All in all though...I miss Skeeter.
 




 


In short: bad form, Mr. Jacobson, bad form. You need to realize that the only contact that many of us have with you is on this board, and the way you present yourself here will greatly impact our opinion of you. Many people on this board will either have guns to be worked on in the future or have friends with guns to be worked on who will ask us for recommendations. I for one am a firearms instructor for an agency of 180 officers. I am frequently asked by officers who they should have work on their personally-owned duty and off-duty weapons. You have an excellent reputation for doing good trigger work. However, your posts here indicate a definite lack of character and good judgment, and I'm afraid that makes me unable to recommend that anyone send you a firearm for work. Maybe you have enough work right now that this doesn't matter to you, but believe me, if you keep this up, it will eventually impact your business.

<font size=-1>[ This Message was edited by: sparky315 on 2002-03-10 00:29 ]</font>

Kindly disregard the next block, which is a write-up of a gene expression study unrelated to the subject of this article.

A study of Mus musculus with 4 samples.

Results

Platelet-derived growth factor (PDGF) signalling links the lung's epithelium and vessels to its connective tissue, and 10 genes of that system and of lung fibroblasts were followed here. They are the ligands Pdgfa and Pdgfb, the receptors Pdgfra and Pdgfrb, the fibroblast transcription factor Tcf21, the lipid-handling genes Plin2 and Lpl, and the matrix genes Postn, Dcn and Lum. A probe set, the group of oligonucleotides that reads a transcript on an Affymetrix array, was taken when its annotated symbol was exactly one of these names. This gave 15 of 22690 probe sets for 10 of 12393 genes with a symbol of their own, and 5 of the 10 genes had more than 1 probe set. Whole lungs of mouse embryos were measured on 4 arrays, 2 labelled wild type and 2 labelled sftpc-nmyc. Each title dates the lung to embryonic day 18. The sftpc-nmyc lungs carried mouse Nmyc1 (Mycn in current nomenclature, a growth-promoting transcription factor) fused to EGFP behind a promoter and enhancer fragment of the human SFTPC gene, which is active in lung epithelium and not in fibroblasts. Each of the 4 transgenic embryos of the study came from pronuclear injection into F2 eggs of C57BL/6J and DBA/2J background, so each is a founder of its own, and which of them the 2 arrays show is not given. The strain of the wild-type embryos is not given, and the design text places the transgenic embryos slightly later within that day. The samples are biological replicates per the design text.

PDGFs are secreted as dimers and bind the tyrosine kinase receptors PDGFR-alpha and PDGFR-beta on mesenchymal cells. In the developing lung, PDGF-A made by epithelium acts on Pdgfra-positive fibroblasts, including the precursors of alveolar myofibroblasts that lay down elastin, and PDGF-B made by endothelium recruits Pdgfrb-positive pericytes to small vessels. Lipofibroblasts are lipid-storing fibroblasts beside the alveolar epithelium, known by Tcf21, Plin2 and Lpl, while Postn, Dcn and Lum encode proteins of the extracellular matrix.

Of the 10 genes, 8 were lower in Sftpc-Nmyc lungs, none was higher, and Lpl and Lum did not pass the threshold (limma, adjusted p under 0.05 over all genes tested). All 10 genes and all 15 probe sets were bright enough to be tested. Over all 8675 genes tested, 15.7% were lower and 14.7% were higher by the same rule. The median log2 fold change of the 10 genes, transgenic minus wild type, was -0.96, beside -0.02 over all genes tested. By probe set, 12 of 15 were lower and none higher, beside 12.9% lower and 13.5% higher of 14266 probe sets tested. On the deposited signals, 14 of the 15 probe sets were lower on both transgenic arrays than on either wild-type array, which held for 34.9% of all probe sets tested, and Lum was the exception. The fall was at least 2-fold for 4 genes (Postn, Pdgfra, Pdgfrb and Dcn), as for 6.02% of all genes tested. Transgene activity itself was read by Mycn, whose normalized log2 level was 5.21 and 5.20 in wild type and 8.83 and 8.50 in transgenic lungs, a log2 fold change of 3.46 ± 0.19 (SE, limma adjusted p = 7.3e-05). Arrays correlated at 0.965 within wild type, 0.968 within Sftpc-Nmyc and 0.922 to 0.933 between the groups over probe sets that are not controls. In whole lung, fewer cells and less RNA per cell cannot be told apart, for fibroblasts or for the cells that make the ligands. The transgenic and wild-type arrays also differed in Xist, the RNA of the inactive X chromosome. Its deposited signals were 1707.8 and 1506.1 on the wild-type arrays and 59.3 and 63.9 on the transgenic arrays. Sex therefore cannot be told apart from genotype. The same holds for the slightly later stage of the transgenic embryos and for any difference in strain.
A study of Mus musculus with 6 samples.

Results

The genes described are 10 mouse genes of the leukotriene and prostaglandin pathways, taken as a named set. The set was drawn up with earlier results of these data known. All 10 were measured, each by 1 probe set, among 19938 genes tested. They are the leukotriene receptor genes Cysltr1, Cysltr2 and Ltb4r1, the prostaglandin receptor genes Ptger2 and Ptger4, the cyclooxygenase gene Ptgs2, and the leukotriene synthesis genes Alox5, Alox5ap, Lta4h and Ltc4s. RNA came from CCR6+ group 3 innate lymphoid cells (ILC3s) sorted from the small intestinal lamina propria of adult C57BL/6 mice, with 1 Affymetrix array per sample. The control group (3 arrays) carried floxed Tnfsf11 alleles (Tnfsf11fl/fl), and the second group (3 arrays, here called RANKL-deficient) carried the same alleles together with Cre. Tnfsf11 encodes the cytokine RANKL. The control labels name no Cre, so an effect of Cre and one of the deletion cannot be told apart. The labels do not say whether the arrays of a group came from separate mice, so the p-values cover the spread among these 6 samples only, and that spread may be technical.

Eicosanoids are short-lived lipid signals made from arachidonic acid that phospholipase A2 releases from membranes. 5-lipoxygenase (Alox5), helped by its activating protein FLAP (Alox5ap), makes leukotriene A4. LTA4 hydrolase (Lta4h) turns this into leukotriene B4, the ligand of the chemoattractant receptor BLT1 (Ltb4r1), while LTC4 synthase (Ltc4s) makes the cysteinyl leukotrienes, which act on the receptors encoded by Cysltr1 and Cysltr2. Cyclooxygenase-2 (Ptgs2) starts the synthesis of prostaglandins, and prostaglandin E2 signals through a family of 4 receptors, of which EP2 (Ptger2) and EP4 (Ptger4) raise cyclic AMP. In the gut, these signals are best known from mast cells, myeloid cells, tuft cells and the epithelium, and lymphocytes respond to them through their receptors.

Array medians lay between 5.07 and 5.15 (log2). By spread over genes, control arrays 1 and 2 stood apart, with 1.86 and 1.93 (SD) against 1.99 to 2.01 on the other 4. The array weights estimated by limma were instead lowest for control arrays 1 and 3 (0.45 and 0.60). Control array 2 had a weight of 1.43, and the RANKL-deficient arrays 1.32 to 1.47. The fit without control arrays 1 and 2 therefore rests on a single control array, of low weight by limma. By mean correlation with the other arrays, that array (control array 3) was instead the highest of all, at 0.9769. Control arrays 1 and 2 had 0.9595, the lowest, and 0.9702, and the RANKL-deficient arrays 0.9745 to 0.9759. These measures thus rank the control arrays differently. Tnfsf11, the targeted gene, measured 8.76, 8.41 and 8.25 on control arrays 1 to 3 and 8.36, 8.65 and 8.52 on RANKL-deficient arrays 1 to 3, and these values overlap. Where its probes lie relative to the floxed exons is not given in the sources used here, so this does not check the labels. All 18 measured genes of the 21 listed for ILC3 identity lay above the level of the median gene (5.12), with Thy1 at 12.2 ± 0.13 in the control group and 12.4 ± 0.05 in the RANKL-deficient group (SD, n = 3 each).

Most gun review articles these days seem to me to be short on technical fact and long on fluff. I guess in a way you can't blame them too much-- a magazine is a business, a job, a way to make a living, it is not a non-profit service for shooters and gun owners (although some do a decent job of walking the line). As readers we have to take this into consideration when reading them. I tend to give reviews in the American Rifleman more credence than most.
 

Okay guys, I don't mean to add to the chaos, but just had to chime in. I think Mr. Jacobson has gone a little too far in confusing rudeness and belligerence with being straightforward and honest
For what it's worth, please note that the rancorous exchange between Teddy and myself happened way back last summer. He made some rude and unfounded statements and I responded. I really don't care to see this aspect of the thread ressurected at this point (especially since the more outrageous postings by Teddy were edited/deleted). It's water under the bridge at this point. Especially since Teddy has quit participating on this site.

Rosco

<font size=-1>[ This Message was edited by: Rosco Benson on 2002-03-10 18:42 ]</font>
 

 

I have a few dislikes as well, Chuck Taylor just seems silly to me, I recently re-read his article on the debate between stopping power of the .357 magnum and the .45 acp. He claimed the .45 hardball to be the better choice, over the .357 mag,125 grn jhp. well that still has me giggling.. Another self server IMHO is Duane Thomas, his articles are more or less "this is what I say and if you disagree then you are wrong." but this is Dennis Miller often rants is just my opinion. Feel free to disagree.
 

 


One of the last articles I read of his dealt with his choice of the S&W 4586 as the perfect weapon for his new security guard job.